A smart grid is a transactive grid.
- Lynne Kiesling
Archive for April, 2011

Why Won’t Social Networking Friend Energy Conservation?

We’ve talked many times about giving the smart grid and smart meters a consumer focused raison d’etre – namely, smart markets – but here are two interesting articles about the limitations of pure social networking / peer pressure to motivate changing behaviors.  As one article adroitly notes: “…we haven’t found the sweet spot for creating […]


Courtesy of Water Efficiency, an interesting article on the power, potential, and challenges of the data inherent in a smart grid for water: “…Dr. Peter Gleick of the Pacific Institute recently wrote that due to limitations on water supply and the high costs of developing alternative supplies, maximizing the efficiency of water use is paramount […]


Via The Energy Collective, a look at how today’s utility grid is our next personal computer, and Smart Grid may be the next Internet: “Getting horizontal implies that today, something is vertical. So, what exactly does it mean to be vertical? Simply put, a “vertical” is the mechanism by which we focus segments of our […]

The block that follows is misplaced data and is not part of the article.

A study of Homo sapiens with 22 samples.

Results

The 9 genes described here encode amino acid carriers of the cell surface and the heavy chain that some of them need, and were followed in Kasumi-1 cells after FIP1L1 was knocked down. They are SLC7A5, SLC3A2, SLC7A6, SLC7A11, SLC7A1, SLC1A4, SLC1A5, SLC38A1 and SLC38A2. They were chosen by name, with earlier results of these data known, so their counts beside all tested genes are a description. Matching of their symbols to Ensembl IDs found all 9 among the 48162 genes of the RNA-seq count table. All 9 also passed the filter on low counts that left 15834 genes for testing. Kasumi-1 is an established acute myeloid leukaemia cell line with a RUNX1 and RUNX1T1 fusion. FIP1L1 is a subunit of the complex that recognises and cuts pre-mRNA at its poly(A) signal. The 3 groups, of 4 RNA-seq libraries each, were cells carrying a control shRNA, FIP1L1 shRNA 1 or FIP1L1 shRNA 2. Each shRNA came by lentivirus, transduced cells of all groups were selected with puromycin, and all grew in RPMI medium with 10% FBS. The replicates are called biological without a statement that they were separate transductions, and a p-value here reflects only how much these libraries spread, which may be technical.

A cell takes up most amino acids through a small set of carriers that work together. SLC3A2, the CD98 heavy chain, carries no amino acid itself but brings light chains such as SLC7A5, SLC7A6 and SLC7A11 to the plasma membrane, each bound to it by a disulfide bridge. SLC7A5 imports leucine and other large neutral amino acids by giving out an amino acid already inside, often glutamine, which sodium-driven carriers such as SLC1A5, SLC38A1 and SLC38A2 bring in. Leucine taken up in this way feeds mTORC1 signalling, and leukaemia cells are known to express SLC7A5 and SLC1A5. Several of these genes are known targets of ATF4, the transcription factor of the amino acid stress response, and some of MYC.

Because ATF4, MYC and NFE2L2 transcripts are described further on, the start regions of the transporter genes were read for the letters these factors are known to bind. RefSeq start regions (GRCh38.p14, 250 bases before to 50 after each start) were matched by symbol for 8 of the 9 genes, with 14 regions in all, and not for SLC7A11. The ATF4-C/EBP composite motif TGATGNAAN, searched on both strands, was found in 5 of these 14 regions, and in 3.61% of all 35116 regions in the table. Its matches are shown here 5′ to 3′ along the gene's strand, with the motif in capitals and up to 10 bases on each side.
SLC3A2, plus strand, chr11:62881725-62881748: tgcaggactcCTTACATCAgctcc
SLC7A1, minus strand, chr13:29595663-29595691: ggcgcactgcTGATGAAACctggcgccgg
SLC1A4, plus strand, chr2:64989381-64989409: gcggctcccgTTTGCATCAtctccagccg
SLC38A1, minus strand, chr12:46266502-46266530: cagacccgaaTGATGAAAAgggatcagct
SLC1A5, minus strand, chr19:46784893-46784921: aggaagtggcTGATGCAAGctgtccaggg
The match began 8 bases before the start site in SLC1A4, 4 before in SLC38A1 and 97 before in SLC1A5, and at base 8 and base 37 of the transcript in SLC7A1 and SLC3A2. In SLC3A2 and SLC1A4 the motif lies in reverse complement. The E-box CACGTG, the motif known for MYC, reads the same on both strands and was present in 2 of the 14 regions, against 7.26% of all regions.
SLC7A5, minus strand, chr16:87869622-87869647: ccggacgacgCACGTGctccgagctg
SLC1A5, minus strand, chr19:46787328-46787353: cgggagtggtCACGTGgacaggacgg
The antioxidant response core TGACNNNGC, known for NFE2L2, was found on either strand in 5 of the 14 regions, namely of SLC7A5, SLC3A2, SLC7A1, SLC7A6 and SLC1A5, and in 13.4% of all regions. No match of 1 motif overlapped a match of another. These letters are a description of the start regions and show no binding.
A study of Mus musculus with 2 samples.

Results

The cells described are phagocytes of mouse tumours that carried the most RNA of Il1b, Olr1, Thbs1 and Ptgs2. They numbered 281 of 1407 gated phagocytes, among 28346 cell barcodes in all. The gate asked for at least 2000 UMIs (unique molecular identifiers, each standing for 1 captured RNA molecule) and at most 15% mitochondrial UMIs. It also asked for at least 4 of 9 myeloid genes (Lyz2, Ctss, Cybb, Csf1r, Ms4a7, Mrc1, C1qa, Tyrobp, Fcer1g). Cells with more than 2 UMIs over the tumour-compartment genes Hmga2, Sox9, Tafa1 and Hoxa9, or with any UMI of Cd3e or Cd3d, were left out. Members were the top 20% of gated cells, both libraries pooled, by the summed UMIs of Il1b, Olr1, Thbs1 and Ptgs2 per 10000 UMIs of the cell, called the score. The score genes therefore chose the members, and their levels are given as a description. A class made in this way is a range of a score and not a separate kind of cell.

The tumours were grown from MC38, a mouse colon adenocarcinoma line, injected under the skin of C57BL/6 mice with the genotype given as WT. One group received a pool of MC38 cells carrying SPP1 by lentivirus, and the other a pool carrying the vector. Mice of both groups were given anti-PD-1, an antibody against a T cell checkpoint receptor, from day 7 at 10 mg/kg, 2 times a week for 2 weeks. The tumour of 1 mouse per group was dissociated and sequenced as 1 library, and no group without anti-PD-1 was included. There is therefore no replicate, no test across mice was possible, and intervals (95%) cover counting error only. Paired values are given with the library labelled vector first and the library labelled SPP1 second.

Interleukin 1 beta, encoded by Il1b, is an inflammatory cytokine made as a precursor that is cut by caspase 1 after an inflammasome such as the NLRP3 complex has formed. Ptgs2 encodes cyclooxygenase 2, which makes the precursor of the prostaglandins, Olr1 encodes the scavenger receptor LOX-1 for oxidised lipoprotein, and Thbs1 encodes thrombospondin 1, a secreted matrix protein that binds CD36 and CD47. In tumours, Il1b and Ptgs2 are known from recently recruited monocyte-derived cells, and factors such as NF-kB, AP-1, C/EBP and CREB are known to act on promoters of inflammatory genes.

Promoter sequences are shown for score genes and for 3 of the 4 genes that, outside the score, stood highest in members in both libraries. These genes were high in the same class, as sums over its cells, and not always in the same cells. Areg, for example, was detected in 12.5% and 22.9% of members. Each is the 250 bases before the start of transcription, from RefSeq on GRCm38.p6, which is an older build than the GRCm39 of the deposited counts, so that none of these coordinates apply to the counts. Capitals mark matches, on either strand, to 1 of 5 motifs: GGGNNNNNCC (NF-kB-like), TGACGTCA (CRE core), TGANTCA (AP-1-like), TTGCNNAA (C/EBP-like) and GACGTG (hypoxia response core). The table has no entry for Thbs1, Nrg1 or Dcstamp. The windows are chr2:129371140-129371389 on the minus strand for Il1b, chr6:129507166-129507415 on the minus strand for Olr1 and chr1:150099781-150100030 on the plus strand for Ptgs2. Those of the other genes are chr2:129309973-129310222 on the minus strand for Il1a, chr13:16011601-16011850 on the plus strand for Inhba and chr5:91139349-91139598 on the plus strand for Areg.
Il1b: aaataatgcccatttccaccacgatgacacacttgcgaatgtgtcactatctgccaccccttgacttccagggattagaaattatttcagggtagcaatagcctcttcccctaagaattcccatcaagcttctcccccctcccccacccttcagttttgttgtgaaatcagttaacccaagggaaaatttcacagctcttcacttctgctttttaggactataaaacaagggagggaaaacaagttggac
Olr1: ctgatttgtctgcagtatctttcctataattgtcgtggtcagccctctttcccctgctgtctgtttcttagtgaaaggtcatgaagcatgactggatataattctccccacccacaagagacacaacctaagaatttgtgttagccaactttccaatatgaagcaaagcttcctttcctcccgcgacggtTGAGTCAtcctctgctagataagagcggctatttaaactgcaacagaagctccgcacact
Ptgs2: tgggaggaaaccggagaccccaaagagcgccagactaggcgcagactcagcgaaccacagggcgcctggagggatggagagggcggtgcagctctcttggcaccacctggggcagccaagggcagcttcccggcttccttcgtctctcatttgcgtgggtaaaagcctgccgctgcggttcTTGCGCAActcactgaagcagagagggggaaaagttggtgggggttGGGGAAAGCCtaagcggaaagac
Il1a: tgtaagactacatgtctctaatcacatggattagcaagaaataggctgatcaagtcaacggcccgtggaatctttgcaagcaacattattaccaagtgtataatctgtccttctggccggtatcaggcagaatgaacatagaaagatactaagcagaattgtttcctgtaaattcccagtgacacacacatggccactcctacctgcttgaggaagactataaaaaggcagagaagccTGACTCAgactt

Via GigaOm, an interesting article on the impact on solar panels, wind turbines, etc. on utilities’ traditional business model.  As the report notes: Will your local utility one day go the way of dinosaurs? Well, as more home and business owners install solar panels, wind turbines and other electricity and heat generating equipment, the roles […]

Grid Unlocked is powered by two eco-preneurs who analyze and reference articles, reports, and interviews that can help unlock the nascent, complex and expanding linkages between smart meters, smart grids, and above all: smart markets.

Based on decades of experience and interest in conservation, Monty Simus and Jamie Workman believe that a truly “smart” grid must be a “transactive” grid, unshackled from its current status as a so-called “natural monopoly.”

In short, an unlocked grid must adopt and harness the power of markets to incentivize individual users, linked to each other on a large scale, who change consumptive behavior in creative ways that drive efficiency and bring equity to use of the planet's finite and increasingly scarce resources.